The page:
Published 18 Oct 2018
Author: Nassir Bechara
A survey from Austroads suggests that 15.5 per cent of Australians ride a bicycle in a typical week.
Despite the health benefits and convenience associated with cycling, accidents do happen - and sometimes they involve fatalities. In the 12 months to August 2018 there was a 48 per cent increase in cycling deaths on Australian roads, according to the Australian Government.
But are cyclists involved in accidents eligible for compensation?
Cyclists involved in accidents may be entitled to compensation, depending on the circumstances of the incident:
Injuries obtained from commuting to or from work
Many workers in the Australian Capital Territory (ACT) may cycle to and from work. If an accident of any sorts occurs whilst cycling to or from a place of employment, this constitutes a work-related injury under the Act - giving cyclists the chance for compensation.
However, cyclists involved in an accident must consult a medical professional right away and collect all relevant documentation to ensure a higher chance of success.
Injuries caused by other cyclists
Sometimes, cycling accidents involve another bike rider. This happened in a 2016 Canberra case involving two cyclists. After hitting an obstacle in a bike lane, the first cyclist veered into the second cyclist causing him to fall off his bike and into the path of an oncoming car.
The victim suffered a range of permanent injuries and launched a civil negligence case against the first cyclist who denied liability and having any form of duty of care towards the victim. The judge disagreed and ordered the defendant to pay nearly $1.7 million in compensation after taking into account loss of future earnings and medical expenses. Had the defendant possessed home and contents insurance he would have been protected for acts of negligence which includes actions outside the home (anywhere in Australia).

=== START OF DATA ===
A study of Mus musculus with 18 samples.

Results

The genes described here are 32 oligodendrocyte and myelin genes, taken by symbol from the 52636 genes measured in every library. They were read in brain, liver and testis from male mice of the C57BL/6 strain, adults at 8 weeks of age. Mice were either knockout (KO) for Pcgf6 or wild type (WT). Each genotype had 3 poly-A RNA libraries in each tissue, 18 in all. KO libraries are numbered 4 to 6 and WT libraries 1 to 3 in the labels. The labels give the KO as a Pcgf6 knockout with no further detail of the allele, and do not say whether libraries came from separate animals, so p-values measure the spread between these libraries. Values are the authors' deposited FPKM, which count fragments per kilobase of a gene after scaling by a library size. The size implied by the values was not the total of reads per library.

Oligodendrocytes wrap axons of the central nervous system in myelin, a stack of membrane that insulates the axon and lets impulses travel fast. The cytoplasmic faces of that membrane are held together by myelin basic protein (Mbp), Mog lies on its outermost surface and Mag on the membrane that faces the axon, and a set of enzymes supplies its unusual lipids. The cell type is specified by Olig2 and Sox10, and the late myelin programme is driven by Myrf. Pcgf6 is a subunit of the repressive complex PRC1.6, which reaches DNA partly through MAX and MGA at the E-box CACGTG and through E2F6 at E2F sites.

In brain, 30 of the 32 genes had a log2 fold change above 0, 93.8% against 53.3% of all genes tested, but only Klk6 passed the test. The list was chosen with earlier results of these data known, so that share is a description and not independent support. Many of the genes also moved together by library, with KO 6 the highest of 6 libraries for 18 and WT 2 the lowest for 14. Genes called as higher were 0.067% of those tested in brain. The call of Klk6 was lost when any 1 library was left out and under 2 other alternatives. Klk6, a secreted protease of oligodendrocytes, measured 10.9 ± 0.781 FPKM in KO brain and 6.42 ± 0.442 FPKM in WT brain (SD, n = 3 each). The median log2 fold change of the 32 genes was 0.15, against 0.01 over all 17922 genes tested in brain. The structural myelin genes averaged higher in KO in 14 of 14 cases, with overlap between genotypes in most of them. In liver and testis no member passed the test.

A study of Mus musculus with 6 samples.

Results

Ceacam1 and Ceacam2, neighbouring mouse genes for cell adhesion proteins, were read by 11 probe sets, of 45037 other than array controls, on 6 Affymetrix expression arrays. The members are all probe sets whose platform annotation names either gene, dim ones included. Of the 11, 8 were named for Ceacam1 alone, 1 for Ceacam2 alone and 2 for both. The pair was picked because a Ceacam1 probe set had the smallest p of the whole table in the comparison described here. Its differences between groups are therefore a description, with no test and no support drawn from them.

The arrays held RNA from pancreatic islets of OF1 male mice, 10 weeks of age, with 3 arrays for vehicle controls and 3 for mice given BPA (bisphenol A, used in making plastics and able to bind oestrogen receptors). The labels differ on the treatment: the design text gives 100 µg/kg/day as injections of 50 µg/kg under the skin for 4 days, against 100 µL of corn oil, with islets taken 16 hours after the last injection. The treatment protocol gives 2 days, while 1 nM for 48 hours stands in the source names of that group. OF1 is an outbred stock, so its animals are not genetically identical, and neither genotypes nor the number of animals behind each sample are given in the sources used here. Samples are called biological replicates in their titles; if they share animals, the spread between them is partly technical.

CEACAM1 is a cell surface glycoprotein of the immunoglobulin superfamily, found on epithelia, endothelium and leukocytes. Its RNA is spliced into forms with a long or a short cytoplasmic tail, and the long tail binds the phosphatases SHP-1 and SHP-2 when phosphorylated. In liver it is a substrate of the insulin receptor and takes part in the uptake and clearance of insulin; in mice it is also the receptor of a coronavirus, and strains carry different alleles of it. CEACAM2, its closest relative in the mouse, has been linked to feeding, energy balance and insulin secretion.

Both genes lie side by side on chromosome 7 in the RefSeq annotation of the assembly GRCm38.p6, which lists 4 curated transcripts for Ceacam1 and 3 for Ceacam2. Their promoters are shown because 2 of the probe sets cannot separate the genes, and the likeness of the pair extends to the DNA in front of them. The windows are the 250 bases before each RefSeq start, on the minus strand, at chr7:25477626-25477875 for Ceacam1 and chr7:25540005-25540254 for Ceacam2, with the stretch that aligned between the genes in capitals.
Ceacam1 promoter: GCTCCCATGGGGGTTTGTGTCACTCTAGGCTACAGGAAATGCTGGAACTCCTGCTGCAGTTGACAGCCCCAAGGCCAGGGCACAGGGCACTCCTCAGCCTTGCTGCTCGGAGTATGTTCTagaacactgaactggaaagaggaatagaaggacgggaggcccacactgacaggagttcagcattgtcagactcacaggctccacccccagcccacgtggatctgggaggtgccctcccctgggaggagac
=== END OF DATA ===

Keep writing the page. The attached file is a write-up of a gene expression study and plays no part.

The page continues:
Injuries caused by motor vehicles
If a cyclist is injured due to the negligent actions of the driver of a motor vehicle, they may be entitled to claim damages as part of the Compulsory Third Party (CTP) insurance policy of that vehicle owner. Under recent ATP amendments, the injured party no longer has to prove who's at fault in order to receive compensation - making it easier for all injured parties to get the compensation they deserve.
If you've been involved in a collision, whether a car was involved or not, you may be entitled to some form of compensation. Get in touch with the team at Gerard Malouf & Partners today to submit a claim for damages.